Music in the Moment

Music in the Moment

Music in the Moment

Music in the Moment


What is required for a listener to understand a piece of music? Does aural understanding depend upon reflective awareness of musical architecture or large-scale musical structure? Jerrold Levinson thinks not. In contrast to what is commonly assumed, Levinson argues that basic understanding of music only requires properly grounded, present-focused attention, and that virtually everything in the comprehension of extended pieces of music that suggests explicit architectonic awareness can be explained without positing conscious grasp of relationships across broad spans.

Levinson rejects the notion that keeping music's large-scale form before the mind is somehow essential to fundamental understanding of it. As evidence, he describes in detail the experience of listening to a wide range of music. He defends, with some qualifications, the views of nineteenth-century musician and psychologist Edmund Gurney, author of The Power of Sound, who argued that musical comprehension requires only attention to the evolution of music from moment to moment.

Music theory standardly misapprehends the experience and mindset of most who know and love classical music, concludes Levinson. His book is a defense of the passionate and attentive, though architectonically unconcerned, music listener.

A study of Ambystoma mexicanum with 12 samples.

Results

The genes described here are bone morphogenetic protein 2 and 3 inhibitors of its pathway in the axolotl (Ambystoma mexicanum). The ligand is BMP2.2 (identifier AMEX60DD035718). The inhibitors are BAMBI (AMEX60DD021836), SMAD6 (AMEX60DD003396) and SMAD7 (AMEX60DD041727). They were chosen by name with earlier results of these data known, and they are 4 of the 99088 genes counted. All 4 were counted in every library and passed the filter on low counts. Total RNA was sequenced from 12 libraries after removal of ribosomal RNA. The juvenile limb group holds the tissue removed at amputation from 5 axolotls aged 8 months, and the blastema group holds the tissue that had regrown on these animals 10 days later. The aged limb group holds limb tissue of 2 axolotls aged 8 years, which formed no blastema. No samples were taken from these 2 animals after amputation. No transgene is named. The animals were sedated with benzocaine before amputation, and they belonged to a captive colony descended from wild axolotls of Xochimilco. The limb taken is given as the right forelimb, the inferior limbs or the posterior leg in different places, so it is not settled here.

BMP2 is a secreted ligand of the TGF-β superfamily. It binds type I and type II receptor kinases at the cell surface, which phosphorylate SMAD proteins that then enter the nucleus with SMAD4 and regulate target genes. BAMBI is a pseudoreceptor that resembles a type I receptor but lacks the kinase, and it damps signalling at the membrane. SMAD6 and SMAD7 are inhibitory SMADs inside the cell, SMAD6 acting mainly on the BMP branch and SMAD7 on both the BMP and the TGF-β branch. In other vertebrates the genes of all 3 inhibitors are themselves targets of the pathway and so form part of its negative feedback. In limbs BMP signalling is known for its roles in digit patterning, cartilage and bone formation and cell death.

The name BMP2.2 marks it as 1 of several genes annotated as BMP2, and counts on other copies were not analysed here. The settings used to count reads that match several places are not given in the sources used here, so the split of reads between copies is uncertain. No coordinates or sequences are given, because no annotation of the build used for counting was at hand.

No doubt some people never heard much in music before they acquired conscious insight into its large-scale form. And surely there are others who, having acquired analytical dispositions and descriptive technical resources in the course of their musical education, found their fundamental listening transformed to a truly significant degree. But I am not one of them, and I suspect that such listeners are not the norm among those who can rightly claim both to know and to love the bulk of what constitutes the broad repertoire of classical music. It is an implicit aim of this book to defend such listeners--ones who, though untutored, are experienced, attentive, and passionate.

The primary and explicit aim of this book, however, is to combat the notion, often only implicit in the writing of many music commentators and theoreticians, that keeping music's form--in particular, large-scale structural relationships, or spatialized representations of a musical composition's shape--before the mind is somehow central to, even essential for, basic musical understanding. What I maintain instead is that much in the aural comprehension of extended pieces of music that seems to implicate explicit architectonic awareness can be explained by appeal to tacit, unconscious correlation of present passages or bits with earlier ones, rather than explicit, conscious grasp of relationships of a broad-span sort.